Declined Liver Grafts – Analysis of the German Donor Population from 2010 to 2018
The lack of suitable allografts limits the availability of liver transplantation in Germany. The quality of potentially available German donor livers has to date not been analyzed.
Analysis of all donors for potential liver transplantations reported to the Eurotransplant by the German Organ Transplantation Foundation from 2010 to 2018. Categorization of transplanted and discarded organs utilizing available histopathological reports and predefined extended criteria for organ donation.
A total of 8594 livers were offered for transplantation, of which 15.2 % were discarded. During the analysis period the proportion of donor livers from extended criteria donors increased from 65 % to 70 % (p = 0.005). In 2018, 21.3 % of offered donor livers were discarded, more than half (56.4 %) of these organs came from donors meeting multiple extended criteria. Livers were significantly more likely to be not transplanted, when from donors of older age (> 65 years; 41 vs. 28 %), BMI > 30 kg/m2 (29 vs. 14 %) or elevated transaminase levels (all p < 0.001).
Despite the consistent organ scarcity in Germany, a relevant amount of livers cannot be transplanted due to a multitude of organ quality limitations. This should stimulate the search for concepts such as normothermic ex vivo machine perfusion to evaluate, protect and potentially improve organ quality.

Authors are Simon Moosburner, Nathanael Raschzok, Christina Schleicher, Detlef Bösebeck, Joseph M.G.V. Gaßner, Paul V. Ritschl, Axel Rahmel, Igor M. Sauer, and Johann Pratschke.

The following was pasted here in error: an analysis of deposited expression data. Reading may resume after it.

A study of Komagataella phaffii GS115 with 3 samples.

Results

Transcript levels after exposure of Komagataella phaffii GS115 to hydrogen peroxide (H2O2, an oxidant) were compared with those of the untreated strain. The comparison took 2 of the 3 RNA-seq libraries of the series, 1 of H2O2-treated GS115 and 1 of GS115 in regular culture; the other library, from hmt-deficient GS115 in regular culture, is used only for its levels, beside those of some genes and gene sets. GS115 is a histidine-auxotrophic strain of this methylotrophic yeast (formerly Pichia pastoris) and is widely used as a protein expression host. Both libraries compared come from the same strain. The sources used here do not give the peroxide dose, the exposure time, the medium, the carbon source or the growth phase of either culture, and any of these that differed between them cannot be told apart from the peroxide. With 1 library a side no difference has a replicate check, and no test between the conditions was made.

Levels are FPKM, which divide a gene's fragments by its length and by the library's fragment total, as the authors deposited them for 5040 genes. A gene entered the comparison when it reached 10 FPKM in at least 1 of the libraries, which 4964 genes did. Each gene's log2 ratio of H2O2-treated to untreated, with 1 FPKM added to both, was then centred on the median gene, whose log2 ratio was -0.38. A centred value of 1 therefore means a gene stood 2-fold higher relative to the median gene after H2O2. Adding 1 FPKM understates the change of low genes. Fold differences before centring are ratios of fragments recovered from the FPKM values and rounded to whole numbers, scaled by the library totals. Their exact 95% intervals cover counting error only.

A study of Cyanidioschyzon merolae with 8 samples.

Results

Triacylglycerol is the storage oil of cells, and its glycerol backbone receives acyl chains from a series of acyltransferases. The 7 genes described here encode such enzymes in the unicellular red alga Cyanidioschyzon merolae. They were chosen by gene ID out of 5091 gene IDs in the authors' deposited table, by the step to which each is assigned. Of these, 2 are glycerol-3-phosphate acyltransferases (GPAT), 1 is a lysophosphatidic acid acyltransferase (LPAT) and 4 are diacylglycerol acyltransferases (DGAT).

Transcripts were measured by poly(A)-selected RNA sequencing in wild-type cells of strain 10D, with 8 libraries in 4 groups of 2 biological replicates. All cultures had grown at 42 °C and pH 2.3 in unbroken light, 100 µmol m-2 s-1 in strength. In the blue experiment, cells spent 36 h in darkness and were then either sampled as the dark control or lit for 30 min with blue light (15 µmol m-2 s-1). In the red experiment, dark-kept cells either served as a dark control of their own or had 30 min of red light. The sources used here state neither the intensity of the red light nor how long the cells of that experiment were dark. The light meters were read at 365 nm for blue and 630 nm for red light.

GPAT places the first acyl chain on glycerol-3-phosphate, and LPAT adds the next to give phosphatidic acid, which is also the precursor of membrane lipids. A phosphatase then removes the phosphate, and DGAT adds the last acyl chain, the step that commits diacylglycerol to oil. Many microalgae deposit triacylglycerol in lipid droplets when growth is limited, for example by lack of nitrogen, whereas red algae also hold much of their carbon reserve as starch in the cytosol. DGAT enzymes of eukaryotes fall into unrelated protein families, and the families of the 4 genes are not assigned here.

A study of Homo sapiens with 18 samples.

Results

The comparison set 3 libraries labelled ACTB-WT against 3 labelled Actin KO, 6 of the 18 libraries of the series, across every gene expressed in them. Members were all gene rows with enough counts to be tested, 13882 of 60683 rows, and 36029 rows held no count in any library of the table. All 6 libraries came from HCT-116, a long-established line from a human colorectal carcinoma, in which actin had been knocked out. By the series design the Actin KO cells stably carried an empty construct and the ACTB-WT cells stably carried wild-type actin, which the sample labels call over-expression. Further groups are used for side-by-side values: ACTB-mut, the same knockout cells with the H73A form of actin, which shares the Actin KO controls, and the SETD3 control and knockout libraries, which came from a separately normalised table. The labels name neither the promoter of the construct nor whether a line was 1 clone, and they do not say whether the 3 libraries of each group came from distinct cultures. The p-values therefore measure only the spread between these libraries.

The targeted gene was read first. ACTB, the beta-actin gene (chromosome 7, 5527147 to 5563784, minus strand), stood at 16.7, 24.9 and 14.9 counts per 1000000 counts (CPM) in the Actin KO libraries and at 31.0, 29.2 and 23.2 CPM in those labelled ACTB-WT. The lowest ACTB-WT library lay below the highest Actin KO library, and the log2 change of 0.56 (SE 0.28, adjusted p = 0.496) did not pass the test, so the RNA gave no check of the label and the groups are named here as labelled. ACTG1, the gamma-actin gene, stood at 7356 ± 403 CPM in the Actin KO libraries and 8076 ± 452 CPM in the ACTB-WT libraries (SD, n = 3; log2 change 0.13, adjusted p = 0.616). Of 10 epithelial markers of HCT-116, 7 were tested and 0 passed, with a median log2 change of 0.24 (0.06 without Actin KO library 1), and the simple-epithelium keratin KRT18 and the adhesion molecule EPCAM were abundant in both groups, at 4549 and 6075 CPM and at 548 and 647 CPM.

Z Gastroenterol. 2020 Aug 24. doi: 10.1055/a-1199-7432. Online ahead of print.
EKFS grant | Metabolic reconditioning of steatotic rat liver grafts by normothermic ex vivo machine perfusion

Liver transplantation is the treatment of choice for end-stage liver disease, yet the number of transplant candidates constantly exceeds the organ supply. The imbalance between demand and supply of liver grafts is dramatically exacerbated by the rising prevalence of obesity and the metabolic syndrome, which both show a strong correlation with steatosis hepatis. Liver grafts with macrovesicular steatosis above 30% are associated with delayed graft function and lower graft and patient survival, and livers with >60% steatosis are generally discarded from transplantation. Within the next 10 years, the overall liver graft utilization could potentially be halved due to the rising prevalence of steatosis, emphasizing the urgent clinical need to find solutions to make steatotic livers acceptable for transplantation.

In this project the hypothesis is tested whether metabolic reprogramming of steatotic liver grafts will 1) restore hepatocyte function, 2) activate lipid catabolism, 3) increase resistance to ischemia reperfusion damage, and 4) alleviate overwhelming inflammatory processes in the early phase of post-transplant regeneration with beneficial long-term impact for graft function and recipient survival.
DFG Research Grant

Transplantation of steatotic marginal liver grafts is associated with a certain risk of graft dysfunction, primary non-function, and biliary complications, which results in a worse outcome compared to transplantation of unimpaired livers.
We hypothesize, that normothermic machine perfusion combined with adequate pharmacological intervention can prevent the deleterious effect of ischemia-reperfusion injury on macrovesicular grafts by a) minimizing the negative effect of cold storage, and by b) actively decreasing the intracellular fat content of the graft.
Mild mitochondrial uncoupling by DNP decreases the intrahepatic fat content of steatotic liver grafts during normothermic ex vivo machine perfusion. Efficient defatting can be safely achieved ex vivo with DNP concentrations that would be toxic in vivo. Systemic side effects of DNP are prevented by exclusive hepatic exposure through machine perfusion, and by washing DNP out of the liver graft at the end of the perfusion period. The synergetic effects of normothermic perfusion and defatting with DNP will prevent ischemia-reperfusion injury and make severely steatotic liver grafts acceptable for transplantation.